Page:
A 1932 Singapore Cinema Review featuring American film star Shirley Temple, a copy of Her World magazine in 1960 and a booklet on how to grow rambutans published by the Ministry of National Development in 1966.
These are just some of the items on display at the National Library Building in Victoria Street to mark the National Library Board's (NLB) 20th anniversary.
The collection is part of PublicationSG, a new catalogue with more than one million items published in Singapore since the 1900s, and deposited with NLB. Of these, 97 are being shown as a "sneak preview" at the National Library Building until Nov 1.
PublicationSG will be launched next month, with details of how the public can access the materials.
Ms Alicia Yeo, NLB's assistant director for content and services, said: "The 97 titles we chose cover themes ranging from fashion to pop culture to school days, which hopefully will resonate with Singaporeans."
The NLB was established as a statutory board in 1995 and it manages the National Library, 26 public libraries and the National Archives.
Minister for Communications and Information Yaacob Ibrahim, the guest of honour at the event yesterday, said: "It's a wonderful collection and an important effort by the library to basically bring out our collection to the wider community.
"In that way, not only can people learn about Singapore's history but those who are interested in doing research and have a deeper understanding of our past can also use those materials."
He said this collection cannot be found in bookshops, and NLB could consider republishing some of the old books as there may be interest.
He noted, too, that readership and visitor numbers to the libraries are healthy. According to NLB, there are over 2.25 million members as of last year. In 2013, it was 2.21 million and 2.11 million the year before.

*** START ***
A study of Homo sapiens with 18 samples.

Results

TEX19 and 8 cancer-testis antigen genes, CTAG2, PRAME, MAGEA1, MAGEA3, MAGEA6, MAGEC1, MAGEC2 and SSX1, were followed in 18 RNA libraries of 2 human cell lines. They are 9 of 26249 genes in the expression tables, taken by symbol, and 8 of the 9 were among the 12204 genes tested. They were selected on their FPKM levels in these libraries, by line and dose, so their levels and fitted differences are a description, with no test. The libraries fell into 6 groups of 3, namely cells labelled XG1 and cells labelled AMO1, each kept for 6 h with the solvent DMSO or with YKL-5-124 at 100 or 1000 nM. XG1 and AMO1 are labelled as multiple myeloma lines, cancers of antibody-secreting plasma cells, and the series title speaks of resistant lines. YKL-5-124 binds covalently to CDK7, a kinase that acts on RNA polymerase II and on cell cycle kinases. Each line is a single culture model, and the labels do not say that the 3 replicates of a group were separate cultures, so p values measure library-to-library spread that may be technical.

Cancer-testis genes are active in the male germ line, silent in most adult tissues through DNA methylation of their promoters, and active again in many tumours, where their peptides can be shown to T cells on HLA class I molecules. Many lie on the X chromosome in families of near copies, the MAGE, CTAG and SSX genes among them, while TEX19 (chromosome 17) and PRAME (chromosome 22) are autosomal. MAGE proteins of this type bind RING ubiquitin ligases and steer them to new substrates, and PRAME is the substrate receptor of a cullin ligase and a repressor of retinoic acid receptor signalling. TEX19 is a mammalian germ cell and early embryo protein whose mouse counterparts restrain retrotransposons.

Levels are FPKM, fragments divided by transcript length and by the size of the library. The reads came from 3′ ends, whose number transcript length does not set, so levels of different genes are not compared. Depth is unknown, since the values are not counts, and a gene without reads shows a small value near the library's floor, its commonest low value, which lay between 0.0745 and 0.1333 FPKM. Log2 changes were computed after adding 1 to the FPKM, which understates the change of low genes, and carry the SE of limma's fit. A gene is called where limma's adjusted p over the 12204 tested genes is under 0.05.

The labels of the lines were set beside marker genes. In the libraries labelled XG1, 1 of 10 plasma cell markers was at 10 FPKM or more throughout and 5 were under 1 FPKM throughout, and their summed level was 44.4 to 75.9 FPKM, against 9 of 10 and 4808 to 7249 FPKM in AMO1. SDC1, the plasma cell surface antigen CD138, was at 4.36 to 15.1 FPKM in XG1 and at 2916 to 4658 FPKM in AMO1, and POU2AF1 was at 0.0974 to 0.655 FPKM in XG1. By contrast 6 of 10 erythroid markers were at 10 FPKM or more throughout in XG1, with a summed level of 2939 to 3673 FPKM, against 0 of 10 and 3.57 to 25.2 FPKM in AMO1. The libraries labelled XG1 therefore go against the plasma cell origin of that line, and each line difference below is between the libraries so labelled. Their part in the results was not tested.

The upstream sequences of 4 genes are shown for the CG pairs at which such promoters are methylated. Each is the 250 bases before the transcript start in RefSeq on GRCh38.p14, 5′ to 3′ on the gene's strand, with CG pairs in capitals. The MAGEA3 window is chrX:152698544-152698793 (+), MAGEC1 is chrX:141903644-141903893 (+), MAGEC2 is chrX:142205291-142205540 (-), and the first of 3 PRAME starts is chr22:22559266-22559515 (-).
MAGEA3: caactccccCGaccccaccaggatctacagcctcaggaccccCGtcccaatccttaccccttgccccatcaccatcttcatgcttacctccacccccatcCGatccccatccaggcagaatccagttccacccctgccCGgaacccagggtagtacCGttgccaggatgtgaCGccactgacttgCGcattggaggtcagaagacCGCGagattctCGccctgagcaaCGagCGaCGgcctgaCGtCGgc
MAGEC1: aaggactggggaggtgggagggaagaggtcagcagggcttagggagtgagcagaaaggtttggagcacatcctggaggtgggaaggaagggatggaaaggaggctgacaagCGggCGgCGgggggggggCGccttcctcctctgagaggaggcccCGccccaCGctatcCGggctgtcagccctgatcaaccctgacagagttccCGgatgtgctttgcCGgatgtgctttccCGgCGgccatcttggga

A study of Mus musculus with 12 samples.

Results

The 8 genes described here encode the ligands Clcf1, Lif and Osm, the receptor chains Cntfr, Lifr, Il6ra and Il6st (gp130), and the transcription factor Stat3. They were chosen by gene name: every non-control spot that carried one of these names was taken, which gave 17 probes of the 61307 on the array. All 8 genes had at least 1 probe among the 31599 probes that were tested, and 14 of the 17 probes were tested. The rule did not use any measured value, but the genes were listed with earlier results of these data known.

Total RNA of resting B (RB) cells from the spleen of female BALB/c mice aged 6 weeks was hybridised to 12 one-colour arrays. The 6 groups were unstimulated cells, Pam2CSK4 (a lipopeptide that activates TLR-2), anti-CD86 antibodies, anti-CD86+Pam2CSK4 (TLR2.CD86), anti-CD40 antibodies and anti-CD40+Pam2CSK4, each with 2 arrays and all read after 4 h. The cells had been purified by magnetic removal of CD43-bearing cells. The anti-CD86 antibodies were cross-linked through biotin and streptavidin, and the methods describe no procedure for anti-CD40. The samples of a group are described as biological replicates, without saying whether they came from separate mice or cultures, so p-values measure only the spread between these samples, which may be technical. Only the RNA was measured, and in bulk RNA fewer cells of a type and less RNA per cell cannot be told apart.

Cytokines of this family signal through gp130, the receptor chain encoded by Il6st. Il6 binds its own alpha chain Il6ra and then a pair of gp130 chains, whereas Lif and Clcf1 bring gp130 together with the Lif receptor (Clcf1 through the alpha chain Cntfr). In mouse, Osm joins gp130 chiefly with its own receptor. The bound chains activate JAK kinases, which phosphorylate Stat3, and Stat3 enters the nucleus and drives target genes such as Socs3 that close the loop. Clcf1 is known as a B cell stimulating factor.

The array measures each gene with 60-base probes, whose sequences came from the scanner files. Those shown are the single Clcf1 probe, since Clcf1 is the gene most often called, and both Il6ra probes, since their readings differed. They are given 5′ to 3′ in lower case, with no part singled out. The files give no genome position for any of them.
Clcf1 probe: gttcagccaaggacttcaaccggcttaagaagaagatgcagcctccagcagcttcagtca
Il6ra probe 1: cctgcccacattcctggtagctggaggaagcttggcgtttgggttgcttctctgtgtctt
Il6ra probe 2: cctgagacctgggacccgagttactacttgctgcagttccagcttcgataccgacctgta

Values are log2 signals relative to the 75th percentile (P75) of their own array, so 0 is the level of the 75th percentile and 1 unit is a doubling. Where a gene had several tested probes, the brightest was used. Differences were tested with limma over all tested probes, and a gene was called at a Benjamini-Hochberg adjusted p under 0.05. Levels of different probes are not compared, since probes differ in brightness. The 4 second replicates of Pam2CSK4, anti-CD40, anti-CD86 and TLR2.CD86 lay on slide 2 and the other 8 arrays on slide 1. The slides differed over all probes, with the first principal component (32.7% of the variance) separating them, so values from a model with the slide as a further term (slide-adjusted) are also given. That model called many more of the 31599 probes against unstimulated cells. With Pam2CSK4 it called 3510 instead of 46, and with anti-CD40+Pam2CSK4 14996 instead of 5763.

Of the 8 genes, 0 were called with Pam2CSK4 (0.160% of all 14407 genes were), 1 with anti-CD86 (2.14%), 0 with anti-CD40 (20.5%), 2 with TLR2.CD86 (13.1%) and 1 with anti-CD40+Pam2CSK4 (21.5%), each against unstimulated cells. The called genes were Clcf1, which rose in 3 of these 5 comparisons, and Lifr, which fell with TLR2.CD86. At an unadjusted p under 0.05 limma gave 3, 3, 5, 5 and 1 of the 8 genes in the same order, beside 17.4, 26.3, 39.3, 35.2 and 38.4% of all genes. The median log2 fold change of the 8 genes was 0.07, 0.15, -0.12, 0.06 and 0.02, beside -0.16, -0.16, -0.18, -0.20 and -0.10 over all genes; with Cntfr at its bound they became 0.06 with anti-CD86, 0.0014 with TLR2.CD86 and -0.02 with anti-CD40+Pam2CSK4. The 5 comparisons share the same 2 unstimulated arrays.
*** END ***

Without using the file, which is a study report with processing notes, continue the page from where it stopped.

Last year, there were over 34 million loans, and e-book loans are on the rise, it added. The most popular non-fiction books are business, cookery and travel books, while romance novels and thrillers are favourites in the fiction category.
In September last year, NLB also rolled out a smartphone app to make it easier to borrow books. Users can scan the barcode on library items and obtain information on books, among other things. There have been 77,000 downloads so far.
Mrs Elaine Ng, chief executive of NLB, said: "For the past 20 years, NLB has focused on making information accessible to all... We look forward to working together with the community in promoting reading and developing our services."
Other initiatives to mark NLB's anniversary include an increased loan quota from yesterday to the end of January next year and a commemorative membership card given to new members below the age of six.
Project officer Edward Tan, 36, visits the library twice a month and borrows books for his three children. He said: "Reading opens up their world and it's a good habit. It's especially important these days because a lot of children are addicted to electronic devices."